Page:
Editor’s note: Tat-Tuesday is a weekly series that features students around campus and their tattoos.
Ashley Nava, a Mexican-American studies and anthropology sophomore, has always been fascinated by symbols. When she came across a tattoo shop while on vacation in San Diego, she couldn’t resist getting one permanently inked into her skin.
“My boyfriend and I have this thing for hummingbirds,” Nava said. “He’s always mentioned them, and they’re symbolic of love. My mom always told me when I see hummingbirds it’s because somebody’s thinking of me.”
Knowing that some would be critical of her decision, Nava decided to rebel anyway — both she and her boyfriend got matching hummingbird tattoos.
“I wanted to mark my body with something symbolic of a time and feeling I had,” Nava said. “A lot of people criticize those that have couples tattoos, but that’s life, you know? It’s fluid.”
As a wave of homesickness hit government freshman Jensen Soderlund during her first semester of college, she went to Electric 13 Tattoo on the Drag to replace the pain of missing her siblings with the hum of a tattoo gun.
“(The tattoo) is my older brother’s birthday and my younger sister’s birthday,” she said. “I missed my younger brother and sister. My brother has a matching one as well.”
Soderlund enjoys the overall experience of tattoos most of all, appreciating the feeling of it, despite the temporary pain.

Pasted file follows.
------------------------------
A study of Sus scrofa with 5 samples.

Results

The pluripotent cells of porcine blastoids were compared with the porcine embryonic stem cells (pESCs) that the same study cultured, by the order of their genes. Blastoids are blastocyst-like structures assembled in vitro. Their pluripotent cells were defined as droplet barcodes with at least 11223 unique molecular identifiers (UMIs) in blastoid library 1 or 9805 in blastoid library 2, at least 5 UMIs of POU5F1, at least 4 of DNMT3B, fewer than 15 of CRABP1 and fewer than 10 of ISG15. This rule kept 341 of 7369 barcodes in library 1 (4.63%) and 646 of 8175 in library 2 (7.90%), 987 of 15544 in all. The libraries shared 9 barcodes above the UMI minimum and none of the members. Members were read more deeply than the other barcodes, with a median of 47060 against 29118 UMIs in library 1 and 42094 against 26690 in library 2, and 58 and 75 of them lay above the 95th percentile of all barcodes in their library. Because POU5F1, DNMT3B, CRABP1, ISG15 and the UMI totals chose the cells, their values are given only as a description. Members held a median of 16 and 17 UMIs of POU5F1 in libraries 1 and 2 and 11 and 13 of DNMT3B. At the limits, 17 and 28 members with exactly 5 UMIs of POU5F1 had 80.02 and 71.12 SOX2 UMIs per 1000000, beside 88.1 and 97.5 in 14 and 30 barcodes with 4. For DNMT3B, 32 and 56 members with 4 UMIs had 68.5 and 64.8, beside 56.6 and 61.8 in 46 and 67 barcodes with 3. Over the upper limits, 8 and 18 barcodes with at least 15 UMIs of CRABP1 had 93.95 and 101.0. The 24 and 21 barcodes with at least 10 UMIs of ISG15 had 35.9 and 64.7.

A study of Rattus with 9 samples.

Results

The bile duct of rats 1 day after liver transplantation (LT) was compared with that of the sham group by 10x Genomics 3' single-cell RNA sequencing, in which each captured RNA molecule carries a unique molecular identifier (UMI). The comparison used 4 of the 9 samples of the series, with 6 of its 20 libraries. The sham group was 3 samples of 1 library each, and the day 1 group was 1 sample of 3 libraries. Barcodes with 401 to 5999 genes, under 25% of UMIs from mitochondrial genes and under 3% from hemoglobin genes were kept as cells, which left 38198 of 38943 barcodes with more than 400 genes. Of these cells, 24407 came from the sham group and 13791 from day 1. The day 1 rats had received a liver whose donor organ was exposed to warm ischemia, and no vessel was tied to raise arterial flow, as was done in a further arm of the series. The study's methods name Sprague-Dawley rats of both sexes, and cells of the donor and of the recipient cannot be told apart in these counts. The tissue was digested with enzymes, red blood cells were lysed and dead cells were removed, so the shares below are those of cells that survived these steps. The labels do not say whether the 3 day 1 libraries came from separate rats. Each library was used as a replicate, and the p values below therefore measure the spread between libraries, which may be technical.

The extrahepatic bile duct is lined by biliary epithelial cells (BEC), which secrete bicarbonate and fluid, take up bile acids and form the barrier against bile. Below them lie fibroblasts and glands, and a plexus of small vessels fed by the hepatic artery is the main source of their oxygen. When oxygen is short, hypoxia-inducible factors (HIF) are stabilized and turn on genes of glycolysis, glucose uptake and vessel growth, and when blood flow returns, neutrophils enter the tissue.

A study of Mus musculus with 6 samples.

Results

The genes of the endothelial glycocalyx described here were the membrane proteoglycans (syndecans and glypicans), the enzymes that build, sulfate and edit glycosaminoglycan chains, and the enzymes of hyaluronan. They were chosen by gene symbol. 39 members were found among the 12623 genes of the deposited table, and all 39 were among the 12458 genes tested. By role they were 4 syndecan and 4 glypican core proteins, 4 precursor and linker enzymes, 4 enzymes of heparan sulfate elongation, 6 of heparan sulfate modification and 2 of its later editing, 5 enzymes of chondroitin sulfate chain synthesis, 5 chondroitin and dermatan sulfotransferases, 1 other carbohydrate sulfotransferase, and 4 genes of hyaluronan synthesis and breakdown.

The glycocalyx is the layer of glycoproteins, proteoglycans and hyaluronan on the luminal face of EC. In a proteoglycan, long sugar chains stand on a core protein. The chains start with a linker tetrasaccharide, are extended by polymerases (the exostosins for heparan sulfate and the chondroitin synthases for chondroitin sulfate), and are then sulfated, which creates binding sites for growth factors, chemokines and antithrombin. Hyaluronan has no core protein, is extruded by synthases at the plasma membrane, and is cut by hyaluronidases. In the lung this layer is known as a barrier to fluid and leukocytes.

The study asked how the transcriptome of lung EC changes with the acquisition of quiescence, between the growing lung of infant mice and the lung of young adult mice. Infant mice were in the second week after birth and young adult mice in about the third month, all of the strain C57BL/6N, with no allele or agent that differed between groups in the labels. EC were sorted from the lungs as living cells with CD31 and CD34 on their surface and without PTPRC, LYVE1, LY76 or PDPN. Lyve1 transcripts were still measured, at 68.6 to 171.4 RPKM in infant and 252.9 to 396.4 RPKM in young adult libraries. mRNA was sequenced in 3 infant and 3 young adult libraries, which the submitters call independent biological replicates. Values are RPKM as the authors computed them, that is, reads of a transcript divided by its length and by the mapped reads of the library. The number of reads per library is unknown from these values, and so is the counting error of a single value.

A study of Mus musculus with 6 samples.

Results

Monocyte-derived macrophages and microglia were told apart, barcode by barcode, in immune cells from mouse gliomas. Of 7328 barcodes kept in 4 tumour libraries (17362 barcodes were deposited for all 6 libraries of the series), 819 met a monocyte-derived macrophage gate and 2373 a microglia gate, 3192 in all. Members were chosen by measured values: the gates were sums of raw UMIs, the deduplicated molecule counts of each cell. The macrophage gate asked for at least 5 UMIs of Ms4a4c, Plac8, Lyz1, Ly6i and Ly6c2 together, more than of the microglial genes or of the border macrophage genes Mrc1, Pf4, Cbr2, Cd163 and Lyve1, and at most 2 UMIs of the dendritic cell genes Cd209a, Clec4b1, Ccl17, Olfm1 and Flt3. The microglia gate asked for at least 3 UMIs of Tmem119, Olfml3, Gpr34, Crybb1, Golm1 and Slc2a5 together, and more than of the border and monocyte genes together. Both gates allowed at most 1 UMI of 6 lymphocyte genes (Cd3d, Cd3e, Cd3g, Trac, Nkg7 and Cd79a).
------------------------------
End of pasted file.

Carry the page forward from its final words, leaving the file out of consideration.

“It’s just cool,” Soderlund said. “It hurts, but it’s kind of like an adrenaline thing, and it’s just a fun experience for me.”
After studying for a semester in Hong Kong, business junior Carina Henry commemorated the experience with a tattoo.
“It’s a wolf with a peony, and the flower of Hong Kong, the Bauhinia,” she said. “I had never really been alone my entire life before the trip, and there’s this motif of alone with wolves.”
Henry decided on a tattoo and an artist far before actually receiving the tattoo due to complications with the artist. The artist Henry hoped to work with was doing work in Norway at the time, but a lucky twist of fate helped her out.
“I looked up top studios in Hong Kong and found her page, and that’s when I emailed her,” Henry said. “She was coming to Hong Kong for a day, and it was the day before I left.”
Though she was lucky to have the opportunity, the tattoo come at a great cost — literally.
“It was super expensive,” Henry said. “She was there for a convention, she had to move a client around for me, she had to do all these things. I took every possible hit. But it’s fine, it came out good.”
Government junior Jacob Ali has struggled to keep his life in balance, but the tattoo in French on his back helps remind him of guidelines for his life.
“It means, ‘My heart. My mind. My soul,’” Ali said. “Personally it’s just the three things I keep in check, for balance. My life is a constant battle between making sure all of it is in check.”
After thinking about the tattoo for awhile, he decided to get it in France last August. Raised in a religious, school-focused home, it was not until college that this balance began to click for Ali.
“Growing up gay, it was hard to focus on the heart,” Ali said. “College has made it important to reach out and focus on the most important things in life, like expressing yourself and the people around you.”
To Ali, his many tattoos are directly tied to the ways he expresses himself, so others’ opinions of them do not matter.
“They’re my form of art,” he said. “I best express myself when I’m being true to myself. They don’t have to be important to anyone else. It’s covering the canvas that I made.”